So, this month’s prompt, if you’ll recall, was a fairy tale, set in a studio apartment in a big city, including a potted plant. I’m going to skip any preamble except to say that, as usual, I bent the rules. But! I did manage to clock in under a thousand words, and for me that’s saying something.
It’s saying less, is what I guess I’m saying.
Right, on with the show. Check back later when I’ll have a roundup of all the other folks who wrote stories based on the prompt.
Once upon a time, there lived a prince in a studio apartment high over downtown Vancouver.
You were expecting a princess, weren’t you? And a castle, where maybe she would be locked in a high tower? Sorry to disappoint you.
(I’m not sorry, by the way.)
There aren’t that many castles or princesses in the world, anyway, and not even that many princes. (Although there are plenty who will try to make you believe they are at least princely. Don’t fall for it, is all I’m saying.) And while we’re being honest here, he wasn’t a real prince, although he was a nice guy. He’d also been burned one too many times by those princes-who-are-not, which was how he found his way from the heartbreak of the prairies to this city of glass towers on the edge of the western sea.
He lived in one of those towers; high-priced, high-rise apartment buildings that are on every corner in downtown Vancouver. He’d moved in with little more than a couple suitcases and a potted plant that was one of the few things not smashed by the last prince-who-was-not. Now that he was safely away, he thought of getting a cat, but decided to see first if he could keep the plant alive for at least one season. He placed it near the balcony door so that he could take it outside on nice days, although mostly it had been gray and rainy since he’d arrived.
Those gray days, it felt as if the city were closing in around him. That was especially true on the day an almost preternatural fog rolled in through the Georgia Strait, snaking its way along the Burrard Inlet and blanketing English Bay and the city in a cloud of white. When he stood on the balcony and peered over the railing, he couldn’t see the street below. It was as if the building had risen into the sky and was now hovering above the clouds.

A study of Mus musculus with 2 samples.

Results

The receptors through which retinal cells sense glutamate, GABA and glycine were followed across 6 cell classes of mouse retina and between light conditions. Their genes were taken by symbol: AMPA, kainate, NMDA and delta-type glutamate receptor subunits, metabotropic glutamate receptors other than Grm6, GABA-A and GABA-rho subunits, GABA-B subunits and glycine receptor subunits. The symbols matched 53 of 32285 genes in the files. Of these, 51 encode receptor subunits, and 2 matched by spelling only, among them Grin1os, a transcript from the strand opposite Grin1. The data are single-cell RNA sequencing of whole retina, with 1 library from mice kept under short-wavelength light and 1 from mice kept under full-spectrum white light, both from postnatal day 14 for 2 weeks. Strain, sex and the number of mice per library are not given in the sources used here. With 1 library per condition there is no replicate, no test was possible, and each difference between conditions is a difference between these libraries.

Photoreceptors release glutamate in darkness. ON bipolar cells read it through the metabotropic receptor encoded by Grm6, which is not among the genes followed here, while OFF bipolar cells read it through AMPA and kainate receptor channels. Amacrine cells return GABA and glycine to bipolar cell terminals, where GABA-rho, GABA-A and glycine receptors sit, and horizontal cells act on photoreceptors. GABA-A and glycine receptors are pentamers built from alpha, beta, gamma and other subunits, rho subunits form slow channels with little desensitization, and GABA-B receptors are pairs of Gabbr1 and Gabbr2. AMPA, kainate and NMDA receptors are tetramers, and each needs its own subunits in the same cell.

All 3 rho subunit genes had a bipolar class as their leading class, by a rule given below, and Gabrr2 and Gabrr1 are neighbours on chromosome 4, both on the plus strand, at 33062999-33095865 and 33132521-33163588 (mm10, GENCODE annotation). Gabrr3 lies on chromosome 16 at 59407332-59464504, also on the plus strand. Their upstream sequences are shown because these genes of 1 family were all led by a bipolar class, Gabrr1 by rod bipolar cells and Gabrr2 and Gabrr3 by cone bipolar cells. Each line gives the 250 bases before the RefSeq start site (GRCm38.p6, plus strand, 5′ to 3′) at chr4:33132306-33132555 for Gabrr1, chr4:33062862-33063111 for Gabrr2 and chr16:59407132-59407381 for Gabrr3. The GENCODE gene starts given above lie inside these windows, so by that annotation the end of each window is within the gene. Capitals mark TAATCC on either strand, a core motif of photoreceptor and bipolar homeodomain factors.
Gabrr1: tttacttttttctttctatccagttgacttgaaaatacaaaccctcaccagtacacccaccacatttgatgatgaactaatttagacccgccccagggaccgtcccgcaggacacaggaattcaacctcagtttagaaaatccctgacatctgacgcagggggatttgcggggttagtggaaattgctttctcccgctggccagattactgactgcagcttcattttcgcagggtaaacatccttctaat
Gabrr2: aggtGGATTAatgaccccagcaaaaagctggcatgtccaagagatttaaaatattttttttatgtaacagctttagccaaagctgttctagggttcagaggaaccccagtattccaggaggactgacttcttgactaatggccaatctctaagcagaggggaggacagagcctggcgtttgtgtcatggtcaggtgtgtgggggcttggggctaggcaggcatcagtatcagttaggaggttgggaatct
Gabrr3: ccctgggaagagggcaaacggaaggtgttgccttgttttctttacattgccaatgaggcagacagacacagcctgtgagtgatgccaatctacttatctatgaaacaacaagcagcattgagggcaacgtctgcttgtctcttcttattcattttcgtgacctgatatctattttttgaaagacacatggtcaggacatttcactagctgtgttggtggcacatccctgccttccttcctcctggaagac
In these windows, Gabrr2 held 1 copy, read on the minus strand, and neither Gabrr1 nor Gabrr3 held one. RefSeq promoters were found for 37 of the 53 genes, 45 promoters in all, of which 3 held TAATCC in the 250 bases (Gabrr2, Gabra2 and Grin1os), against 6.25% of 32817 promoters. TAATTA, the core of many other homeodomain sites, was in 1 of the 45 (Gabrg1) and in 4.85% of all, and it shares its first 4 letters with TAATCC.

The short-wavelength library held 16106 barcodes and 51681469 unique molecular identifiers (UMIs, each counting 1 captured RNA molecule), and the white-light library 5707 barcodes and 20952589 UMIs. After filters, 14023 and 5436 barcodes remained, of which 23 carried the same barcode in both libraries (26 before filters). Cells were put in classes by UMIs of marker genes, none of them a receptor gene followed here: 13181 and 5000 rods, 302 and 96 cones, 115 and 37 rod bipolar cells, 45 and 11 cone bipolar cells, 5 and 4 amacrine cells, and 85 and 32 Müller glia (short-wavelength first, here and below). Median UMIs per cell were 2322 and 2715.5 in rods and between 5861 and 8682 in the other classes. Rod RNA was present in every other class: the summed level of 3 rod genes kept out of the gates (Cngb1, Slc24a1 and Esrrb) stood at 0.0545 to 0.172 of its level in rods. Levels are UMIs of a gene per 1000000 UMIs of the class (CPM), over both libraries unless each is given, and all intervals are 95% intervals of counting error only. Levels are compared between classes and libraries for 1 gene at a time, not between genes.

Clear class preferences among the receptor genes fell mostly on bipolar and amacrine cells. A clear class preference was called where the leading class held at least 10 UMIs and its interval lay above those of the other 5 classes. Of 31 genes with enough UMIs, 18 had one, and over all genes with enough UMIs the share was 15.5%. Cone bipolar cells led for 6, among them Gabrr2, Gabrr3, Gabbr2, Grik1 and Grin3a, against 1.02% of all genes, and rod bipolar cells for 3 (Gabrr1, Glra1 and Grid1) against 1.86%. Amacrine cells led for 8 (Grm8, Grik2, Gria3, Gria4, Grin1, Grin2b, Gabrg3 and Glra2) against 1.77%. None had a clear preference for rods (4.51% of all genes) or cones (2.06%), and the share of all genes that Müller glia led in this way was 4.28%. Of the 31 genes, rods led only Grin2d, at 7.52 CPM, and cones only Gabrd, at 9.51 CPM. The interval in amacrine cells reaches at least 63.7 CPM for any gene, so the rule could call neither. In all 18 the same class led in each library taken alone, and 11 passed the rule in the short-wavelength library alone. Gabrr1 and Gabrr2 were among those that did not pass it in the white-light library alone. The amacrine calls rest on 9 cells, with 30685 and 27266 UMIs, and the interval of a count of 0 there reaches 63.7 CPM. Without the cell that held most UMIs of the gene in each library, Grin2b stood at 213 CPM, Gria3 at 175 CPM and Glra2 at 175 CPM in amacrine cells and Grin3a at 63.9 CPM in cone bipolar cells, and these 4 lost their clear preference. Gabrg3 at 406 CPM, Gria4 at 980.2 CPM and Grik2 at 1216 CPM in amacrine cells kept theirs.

That was when he noticed, across the street, someone waving at him.
It was another tower, partially constructed, just the skeleton of I-beams and concrete taking shape before being dressed in its glass skin. Standing at the end of one of those beams was a man in a yellow hard hat. The street was narrow enough and the buildings close enough that he could make out the creases in the construction worker’s leather gloves, and the creases around his smiling mouth.
When he realized he had his attention, the construction work pointed toward his feet. Along the side of the beam was written a number in yellow paint: 604-446-1… as soon as he realized it was a phone number, he picked up his mobile and started tapping.
“You stand in your window a lot,” the voice on the other end of the line said.
“You should probably be paying more attention to where you’re stepping than looking at me,” he said.
The voice on the other end laughed. “You’re probably not wrong.” A pause, during which the sound of the breeze filled the line. It must have been cold up there. “My name’s Eric.”
He hesitated, maybe just for a moment or two too long, so that Eric followed up with, “You don’t have to tell me your name just yet. But… look, I’m due for a coffee break. You want to meet me on the ground and go with me?”
Again, he paused and looked over the balcony railing. He was sixteen floors up—well, fifteen, since there was no thirteenth floor; he always wondered what the people who lived on the fourteenth floor thought about that—but from his point of view over the fog, he could have been miles away from the ground. And he knew Eric across the street could see him looking down there, as if something menacing might be lurking below the haze. Here be dragons.
“It’s weird, huh?” Eric said. He looked up to see Eric now staring down at his feet. “How the world just seems to end before you get to the ground. Have you ever been up to Squamish?”
“It’s like that up there sometimes. You can climb to the top of the Chief and on some days it’s like there’s nothing but clouds below you.” Eric’s voice took on a dreamy quality when he said that.
He looked up, and Eric looked up just a second after that, their eyes meeting.
“Okay?” Eric asked.
“Yeah. Let’s go get coffee.”
He felt the smile on his own face after he saw the flash of teeth from Eric’s smile across the street. “Meet you downstairs in ten minutes?”
He nodded. “Ten minutes.”
He felt breathless stepping into the elevator at the end of the hall. Once the doors closed, he put a hand on his chest, taking measure of his frantic heartbeat. He hadn’t pressed the button for the lobby yet, and he knew that if he didn’t soon, the elevator might whisk him up or down to a different floor. He felt, if only in his imagination, that he was suspended above the clouds, and he could choose whether to fall or fly.
Did he live happily ever after? Who could say. But right then, on his way down to meet a boy, he was happy, and for the moment, that was enough.